What's The Difference Between Fear And Anxiety?

There seems to be no shortage of emotional challenges such as fear and anxiety. While they both may seem very similar, they are not the same emotion, according to the National Alliance on Mental Illness (NAMI). Fear is one of the six basic human emotions, along with sadness, happiness, anger, surprise, and disgust, per UWA Online. Fear is a signal of danger or a threat you're confronted with in your environment (via NAMI). While fear can accompany anxiety, anxiety is a response to an emotional state, rather than a response to the environment. It can translate into dread or nervousness regardless of whether you are in a dangerous situation or not, explains MedlinePlus.

Despite anxiety and fear feeling so similar, they do have subtle and important differences. There are many things you can do to relieve both fear and anxiety, but it's likely you'd want to identify which one you're experiencing in order to address the root cause.

What they feel like and how to treat them

Fear and anxiety can provoke similar physical responses. VeryWellMind reports that anxiety often produces symptoms such as increased heart rate, chest pain, chills, dizziness, excessive sweating, headaches, muscle aches or tension, ringing in the ears, and trembling, among others. This can occur if you simply imagine the possibility of something bad happening. Fear on the other hand can produce much of the same responses, including faster heart rate, shortness of breath, sweating, trembling, and digestive discomfort (per WebMD). But the distinction is that fear is defined as a response to an environmental threat, even if the threat is logically a harmless one (i.e. public speaking).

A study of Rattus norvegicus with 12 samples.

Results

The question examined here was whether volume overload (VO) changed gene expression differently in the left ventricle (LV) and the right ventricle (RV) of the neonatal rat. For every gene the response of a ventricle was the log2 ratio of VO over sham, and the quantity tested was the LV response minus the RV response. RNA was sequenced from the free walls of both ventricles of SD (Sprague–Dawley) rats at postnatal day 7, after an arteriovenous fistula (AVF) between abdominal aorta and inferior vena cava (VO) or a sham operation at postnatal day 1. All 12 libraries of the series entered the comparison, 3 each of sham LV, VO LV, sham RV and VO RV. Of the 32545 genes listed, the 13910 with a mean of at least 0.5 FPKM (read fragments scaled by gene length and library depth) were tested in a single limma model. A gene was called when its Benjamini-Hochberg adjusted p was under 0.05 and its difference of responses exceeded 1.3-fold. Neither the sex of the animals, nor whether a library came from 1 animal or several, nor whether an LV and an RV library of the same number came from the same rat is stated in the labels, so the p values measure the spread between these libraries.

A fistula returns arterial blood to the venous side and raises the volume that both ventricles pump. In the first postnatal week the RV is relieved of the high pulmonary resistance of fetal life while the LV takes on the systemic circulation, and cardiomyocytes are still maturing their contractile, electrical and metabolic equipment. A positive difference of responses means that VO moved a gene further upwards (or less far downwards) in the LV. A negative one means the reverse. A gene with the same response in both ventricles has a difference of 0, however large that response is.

While both these mental states can cause a great deal of distress, rest assured you can get help and take steps to alleviate them. Finding a doctor or mental health professional who specializes in treating anxiety disorders can be a great first step, according to VeryWellMind. Your provider may be able to prescribe certain medications, recommend lifestyle changes, or refer you to a therapist (via Healthline).

If you or someone you know is struggling with mental health, please contact the Crisis Text Line by texting HOME to 741741, call the National Alliance on Mental Illness helpline at 1-800-950-NAMI (6264), or visit the National Institute of Mental Health website.